Questions aplenty after Ashes angst

Horrific. Woeful. Shambolic.

Describe the day-one debacle whichever way you like, Australia’s first-innings total of 60 in the fourth Ashes Test is likely to have serious ramifications.

It will almost certainly start with a loss at Trent Bridge, a result that would ensure the urn changes hand in Nottingham.

Where it ends will be a matter for Cricket Australia bigwigs.

Shot selection, selectors’ selections, selection of selectors, captain’s calls and coach’s calls – all of it will be fiercely debated in Australia after one of the nation’s worst sessions of cricket.

Australia have been bowled out for less, but rarely when the stakes are so high.

Michael Clarke was one of many players to liken the game to their ‘grand final’ this week.

Down 2-1, the tourists needed to avoid defeat to stay alive in the five-Test series.

Within 93 minutes of play starting, that looked as good as impossible.

Clarke will rightly cop the brunt of the scrutiny.

He scored 10, a relative mountain of runs in a sea of failures.

But his mode of dismissal, unconvincingly chasing a wide ball from Stuart Broad, was among the worst on Thursday.

He is a captain short of runs, a passenger in the XI by his own admission.

When Clarke was out for two in a total of 47 against South Africa in 2011, he’d scored a century in the first innings.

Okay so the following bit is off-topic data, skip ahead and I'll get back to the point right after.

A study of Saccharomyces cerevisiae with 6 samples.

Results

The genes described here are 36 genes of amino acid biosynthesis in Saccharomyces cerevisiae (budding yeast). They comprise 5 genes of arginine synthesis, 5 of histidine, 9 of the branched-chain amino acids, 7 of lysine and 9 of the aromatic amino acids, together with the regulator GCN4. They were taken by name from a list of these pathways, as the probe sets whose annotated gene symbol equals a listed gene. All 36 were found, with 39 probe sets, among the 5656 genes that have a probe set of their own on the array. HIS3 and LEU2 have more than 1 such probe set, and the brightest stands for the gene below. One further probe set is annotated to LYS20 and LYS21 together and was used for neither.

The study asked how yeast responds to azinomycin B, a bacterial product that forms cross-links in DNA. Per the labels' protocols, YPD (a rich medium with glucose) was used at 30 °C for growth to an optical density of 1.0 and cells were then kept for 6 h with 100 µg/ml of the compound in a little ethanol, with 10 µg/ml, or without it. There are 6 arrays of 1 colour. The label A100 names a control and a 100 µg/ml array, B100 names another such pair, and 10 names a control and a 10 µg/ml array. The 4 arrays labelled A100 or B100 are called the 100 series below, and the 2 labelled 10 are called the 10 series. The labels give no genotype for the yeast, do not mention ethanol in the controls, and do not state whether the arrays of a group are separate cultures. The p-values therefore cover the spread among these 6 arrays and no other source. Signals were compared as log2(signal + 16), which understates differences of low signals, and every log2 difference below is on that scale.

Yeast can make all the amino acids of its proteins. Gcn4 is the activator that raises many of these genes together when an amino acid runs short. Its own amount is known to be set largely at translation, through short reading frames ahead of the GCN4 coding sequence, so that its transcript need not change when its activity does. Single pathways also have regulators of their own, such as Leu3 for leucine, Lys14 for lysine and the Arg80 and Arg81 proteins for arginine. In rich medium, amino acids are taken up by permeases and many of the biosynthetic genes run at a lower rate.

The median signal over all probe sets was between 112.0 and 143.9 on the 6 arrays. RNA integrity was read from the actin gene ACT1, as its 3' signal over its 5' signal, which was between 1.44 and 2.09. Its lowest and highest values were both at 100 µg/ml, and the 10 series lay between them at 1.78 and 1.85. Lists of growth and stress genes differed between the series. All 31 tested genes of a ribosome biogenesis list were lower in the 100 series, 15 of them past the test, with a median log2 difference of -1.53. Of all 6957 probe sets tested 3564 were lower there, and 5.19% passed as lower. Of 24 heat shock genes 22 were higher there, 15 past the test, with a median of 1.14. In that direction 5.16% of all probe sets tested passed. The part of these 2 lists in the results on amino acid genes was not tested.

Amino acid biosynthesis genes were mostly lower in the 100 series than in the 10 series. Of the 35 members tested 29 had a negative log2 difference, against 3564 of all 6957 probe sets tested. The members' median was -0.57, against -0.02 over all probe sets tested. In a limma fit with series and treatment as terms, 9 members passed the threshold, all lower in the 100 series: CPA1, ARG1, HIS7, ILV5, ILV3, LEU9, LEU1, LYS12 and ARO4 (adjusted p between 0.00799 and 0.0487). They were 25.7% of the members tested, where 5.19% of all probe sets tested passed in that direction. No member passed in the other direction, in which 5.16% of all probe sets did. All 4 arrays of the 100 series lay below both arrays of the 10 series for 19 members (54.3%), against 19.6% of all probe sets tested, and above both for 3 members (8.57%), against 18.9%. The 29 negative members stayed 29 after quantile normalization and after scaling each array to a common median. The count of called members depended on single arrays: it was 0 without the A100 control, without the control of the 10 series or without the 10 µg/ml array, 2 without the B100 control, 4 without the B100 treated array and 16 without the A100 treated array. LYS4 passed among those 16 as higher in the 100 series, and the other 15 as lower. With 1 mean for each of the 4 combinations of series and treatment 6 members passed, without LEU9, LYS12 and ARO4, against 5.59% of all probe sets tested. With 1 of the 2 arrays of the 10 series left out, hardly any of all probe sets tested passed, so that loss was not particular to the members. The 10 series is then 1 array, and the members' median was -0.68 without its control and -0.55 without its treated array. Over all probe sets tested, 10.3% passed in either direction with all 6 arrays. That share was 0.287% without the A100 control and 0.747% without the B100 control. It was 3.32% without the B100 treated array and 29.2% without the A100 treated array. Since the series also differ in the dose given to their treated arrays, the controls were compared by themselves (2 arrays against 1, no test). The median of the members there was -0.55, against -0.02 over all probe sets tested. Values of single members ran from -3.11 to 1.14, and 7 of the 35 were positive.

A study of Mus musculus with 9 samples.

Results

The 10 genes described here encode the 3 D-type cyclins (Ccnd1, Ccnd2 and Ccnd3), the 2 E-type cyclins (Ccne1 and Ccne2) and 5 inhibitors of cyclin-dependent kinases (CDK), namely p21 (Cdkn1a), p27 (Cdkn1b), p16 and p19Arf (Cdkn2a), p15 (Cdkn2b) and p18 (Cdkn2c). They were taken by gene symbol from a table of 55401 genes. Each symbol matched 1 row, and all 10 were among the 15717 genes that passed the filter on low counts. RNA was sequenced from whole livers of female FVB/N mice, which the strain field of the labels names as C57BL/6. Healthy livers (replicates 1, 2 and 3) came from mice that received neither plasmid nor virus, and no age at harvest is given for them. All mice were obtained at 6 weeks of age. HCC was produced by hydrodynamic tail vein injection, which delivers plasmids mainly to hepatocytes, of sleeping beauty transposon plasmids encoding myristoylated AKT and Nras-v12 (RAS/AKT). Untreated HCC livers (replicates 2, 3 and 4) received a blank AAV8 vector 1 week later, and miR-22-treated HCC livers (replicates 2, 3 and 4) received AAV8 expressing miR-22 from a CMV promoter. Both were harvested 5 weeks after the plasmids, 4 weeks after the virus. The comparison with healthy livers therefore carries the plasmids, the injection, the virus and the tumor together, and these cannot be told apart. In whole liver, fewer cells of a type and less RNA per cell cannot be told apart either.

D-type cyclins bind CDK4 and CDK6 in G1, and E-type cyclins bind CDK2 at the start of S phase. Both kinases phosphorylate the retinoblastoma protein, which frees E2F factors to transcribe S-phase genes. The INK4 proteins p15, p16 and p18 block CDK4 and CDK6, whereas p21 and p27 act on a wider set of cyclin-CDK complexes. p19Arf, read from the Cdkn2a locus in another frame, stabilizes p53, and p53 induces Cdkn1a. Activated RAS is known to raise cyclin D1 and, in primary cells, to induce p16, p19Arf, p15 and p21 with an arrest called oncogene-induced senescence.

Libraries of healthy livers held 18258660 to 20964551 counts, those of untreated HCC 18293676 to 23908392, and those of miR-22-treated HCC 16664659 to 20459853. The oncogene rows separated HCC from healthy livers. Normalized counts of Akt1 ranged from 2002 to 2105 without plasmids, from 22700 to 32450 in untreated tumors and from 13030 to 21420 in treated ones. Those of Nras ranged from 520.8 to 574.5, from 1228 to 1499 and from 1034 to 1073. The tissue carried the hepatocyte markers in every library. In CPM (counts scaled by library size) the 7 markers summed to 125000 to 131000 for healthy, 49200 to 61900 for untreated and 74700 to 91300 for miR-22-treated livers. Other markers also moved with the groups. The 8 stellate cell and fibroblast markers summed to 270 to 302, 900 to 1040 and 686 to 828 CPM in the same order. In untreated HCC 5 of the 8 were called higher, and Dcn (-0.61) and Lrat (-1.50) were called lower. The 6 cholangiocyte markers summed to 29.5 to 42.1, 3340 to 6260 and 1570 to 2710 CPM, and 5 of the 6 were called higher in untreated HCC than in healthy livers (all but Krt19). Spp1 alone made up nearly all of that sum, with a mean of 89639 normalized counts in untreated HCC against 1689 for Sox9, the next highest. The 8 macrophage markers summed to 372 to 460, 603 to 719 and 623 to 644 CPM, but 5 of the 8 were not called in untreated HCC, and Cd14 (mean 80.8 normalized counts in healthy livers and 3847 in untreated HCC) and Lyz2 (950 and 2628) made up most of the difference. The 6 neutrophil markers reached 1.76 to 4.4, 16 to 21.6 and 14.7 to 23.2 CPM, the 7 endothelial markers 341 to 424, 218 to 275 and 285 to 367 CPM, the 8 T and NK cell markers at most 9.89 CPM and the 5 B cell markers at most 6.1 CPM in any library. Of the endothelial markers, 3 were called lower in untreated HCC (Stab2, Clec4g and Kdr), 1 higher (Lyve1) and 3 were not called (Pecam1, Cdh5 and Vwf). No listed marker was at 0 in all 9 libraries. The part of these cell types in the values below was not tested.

Clarke was at the peak of his powers then, a triple-century against India the highlight of a sizzling 2011-12.

He looks a completely different batsman now.

The 34-year-old remains defiant this is not the end, while coach Darren Lehmann vowed to give Clarke “as long as he needs” after the third Test.

The conversation may move on quickly.

Clarke, of course, was not alone.

Australia’s total of 136 at Edgbaston was bad, another reminder of their tendency to collapse under pressure.

Not even managing half of that against an attack missing Jimmy Anderson was very bad, confirming there were embedded issues.

Working out the short-term answers to those problems will largely fall to Clarke, Lehmann and chairman of selectors Rod Marsh.

The long-term solution will be hatched by those leaders plus chief executive James Sutherland, performance manager Pat Howard and incoming chairman David Peever.

The problem for all these men is that there’s a sense of deja vu about it all.

When Lehmann was installed on the eve of the 2013 series, little was expected.

The team returned to England this year as favourites.

Ryan Harris, Shane Watson and Brad Haddin were expected to lead the charge but didn’t, for a range of reasons.

The 17-man squad will leave embarrassed – since federation Australia have never lost four consecutive UK Ashes series.

The faces in the XI may have changed, but Broad made the batting order look just as brittle.